Did you know that it is possible to use your car keys to unlock somebody else’s vehicle?
Joanne Fluegel does because she used the keys to her 2005 Toyota Echo to unlock a stranger’s identical car, which was parked in the same lot as hers.
The 24-year-old Canadian said the key got her inside the car, but failed to start the ignition.
“I went to pull out the owner’s manual and actually looked around, and thought, oh my god, this doesn’t look like my car,” she told Motherboard.
“Like, my car doesn’t have a cover like that. My car doesn’t have a baby seat. Holy crap, this isn’t my car.”
After realising her bungle, Ms Flueghel swiftly exited the vehicle and posted about her experience on a Toronto rave community Facebook page.
“I just hope that whoever’s car I almost stole doesn’t feel too violated. I posted it on Facebook so hopefully whoever’s car it was sees it and they know they weren’t robbed,” she said.
While this might sound like a made up story, it is not unheard of to find two cars with the same key.
Honda, like most car manufacturers, only has about 3,500 different lock combinations — this means while it’s highly unlikely, there is the possibility of someone gaining access to your car.
The Open Organization of Lockpickers’ Jacob Botden said the issue is very well known among his community.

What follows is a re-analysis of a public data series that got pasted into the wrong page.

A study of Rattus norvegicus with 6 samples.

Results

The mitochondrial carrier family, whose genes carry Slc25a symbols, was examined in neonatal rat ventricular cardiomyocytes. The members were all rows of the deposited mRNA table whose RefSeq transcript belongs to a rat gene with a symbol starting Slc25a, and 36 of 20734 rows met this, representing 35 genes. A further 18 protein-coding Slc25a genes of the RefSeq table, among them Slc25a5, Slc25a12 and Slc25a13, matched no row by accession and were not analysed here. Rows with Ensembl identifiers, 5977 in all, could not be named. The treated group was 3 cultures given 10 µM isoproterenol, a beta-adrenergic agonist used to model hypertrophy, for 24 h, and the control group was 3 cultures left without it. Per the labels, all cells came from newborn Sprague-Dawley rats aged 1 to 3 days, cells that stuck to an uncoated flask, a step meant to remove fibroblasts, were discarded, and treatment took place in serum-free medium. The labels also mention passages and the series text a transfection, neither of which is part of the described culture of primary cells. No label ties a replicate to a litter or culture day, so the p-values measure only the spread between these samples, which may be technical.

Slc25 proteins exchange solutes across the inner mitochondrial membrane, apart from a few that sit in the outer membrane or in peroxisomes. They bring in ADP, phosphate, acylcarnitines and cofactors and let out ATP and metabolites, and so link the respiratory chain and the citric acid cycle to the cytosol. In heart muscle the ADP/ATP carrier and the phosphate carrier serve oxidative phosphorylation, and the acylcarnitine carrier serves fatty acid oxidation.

“Car keys are never part of the purchase decision [ ...] they are just something that comes along with the deal,” he said.
“Until more concern, publicity and complaints are brought out, this will not be of significant concern for auto manufacturers and they won’t spend the money needed to correct this.”
Mr Botden explained that while its possible to have your keys open a stranger’s door, the likelihood of starting the car too is far less probable.
“Typically a car door lock, keyed glove box or trunk won’t use all of the tumblers which are present in the ignition lock for manufacturing cost reasons,” he said.
“This further reduces the number of possible keys and makes it more probable to open a door than turn the ignition.”
Toyota said it had not been made aware of the statement, but suggested it could be to do with damage to the vehicle.
“The 2005 Toyota Echo complies with all relevant regulatory standards for keys and these keys exceed the number of mandatory unique combinations,” the spokesman said.
“As is the case with most vehicles of most brands and models, if a door lock has been damaged, it is possible that the door may no longer lock properly.”